Chris O'Regan, host of The Sausage Factory podcast (which takes a deep dive into the development process with games studios, you should listen to it), has travelled to the future to sample the games that will be interfering with your older brain. When we say the future, we mean PAX Prime. When we say 'interfering with your older brain', that is exactly what we mean. Read on for what he found...
Developer: Runic Games
Format(s): Windows PC
There is something is rotten in the state of Hob
, and it is up to the player to rid the realm of this festering pox. This can only be done by navigating a series of traps and hazards, some natural others not, by wielding a mechanical claw device that is spliced onto your hand without your permission. At least that's how things work in Hob
, the new title from Torchlight
developer Runic Games.
was making its public debut at PAX Prime 2015 and it attracted a huge amount of attention from the attendees. Waiting lines swirled around the relatively small booth on the sixth level, and for good reason as Hob
turned out to be a personal highlight of the show for me.
has been built using a heavily modified version of the OGRE open source 3D engine that the Torchlight games were built from, but that is the only similarity between the two titles.
is set in an unknown world that, as my introduction explained, has gone rather sour. The player takes control of a character who never speaks and all of the communication to the player is via events that unfold into the world, with only the odd tool type and guide to teach aspects of how to use newly acquired items and powers.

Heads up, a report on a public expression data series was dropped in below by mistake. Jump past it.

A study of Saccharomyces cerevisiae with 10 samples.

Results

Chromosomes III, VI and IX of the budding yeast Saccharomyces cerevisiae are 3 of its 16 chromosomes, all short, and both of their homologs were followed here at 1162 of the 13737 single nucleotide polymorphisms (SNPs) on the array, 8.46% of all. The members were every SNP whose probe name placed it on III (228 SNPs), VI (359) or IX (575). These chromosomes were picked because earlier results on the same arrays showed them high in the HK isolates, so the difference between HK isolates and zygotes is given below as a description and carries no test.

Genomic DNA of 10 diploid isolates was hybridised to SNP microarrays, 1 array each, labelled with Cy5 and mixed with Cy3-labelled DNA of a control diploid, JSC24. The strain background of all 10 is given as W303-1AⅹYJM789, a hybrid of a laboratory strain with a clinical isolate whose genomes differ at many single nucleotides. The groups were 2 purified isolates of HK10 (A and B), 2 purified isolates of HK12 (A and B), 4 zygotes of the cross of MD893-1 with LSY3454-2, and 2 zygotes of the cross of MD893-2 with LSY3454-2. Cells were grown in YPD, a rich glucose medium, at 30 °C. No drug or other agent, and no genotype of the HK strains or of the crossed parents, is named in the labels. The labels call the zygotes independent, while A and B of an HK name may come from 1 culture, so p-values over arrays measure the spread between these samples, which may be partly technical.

The player is armed with a sword and shield, which are used during real-time dynamic combat. If any of this sounds remarkably familiar to you then you've probably played a Zelda
game at some point, which Hob
does borrow from to a great extent. But what marks it out is the tone, visual styling and the heavy Runic Games footprint that is embedded within it.
I played the full length of the demo that was being showed off at PAX Prime 2015 and found it to be a very satisfying and rewarding experience, with fluid and tactile controls that fed back to the player exactly what was going on. This is very much testament to the pedigree of the people that make up Runic Games who have been making games for decades. With Hob
being in such safe hands I personally have great hopes for it when it arrives in 2016 on Windows PC.
Developer: Noio Licorice
Format(s): Windows PC, iOS and Android
One of my favourite parts of PAX is the Indie Megabooth. This is a vast section of the expo hall that is sectioned off exclusively for small indie developers to show off their creations. It's in here I discover new games that in some cases have me gasping. Kingdom
was one of those games as it caught not only my eye but many others as a significant crowd grew around it as it was being played. Why was this? It's all thanks to a horse.
is a sandbox adventure game that has the player trying to balance building a Kingdom
while defending it from rampaging hordes of creatures, who are quite determined to steal the crown the character the player controls has adorned their head with.
Presented on a 2D plane, Kingdom
has a pixel art style that is very common in indie games, with the difference being the animation in Kingdom
's is extremely detailed with every fleck of hair, cloak and creature exquisitely animated. It's an amazing sight to see. On top of this there is a very complex game that is easy to play, but very difficult to master.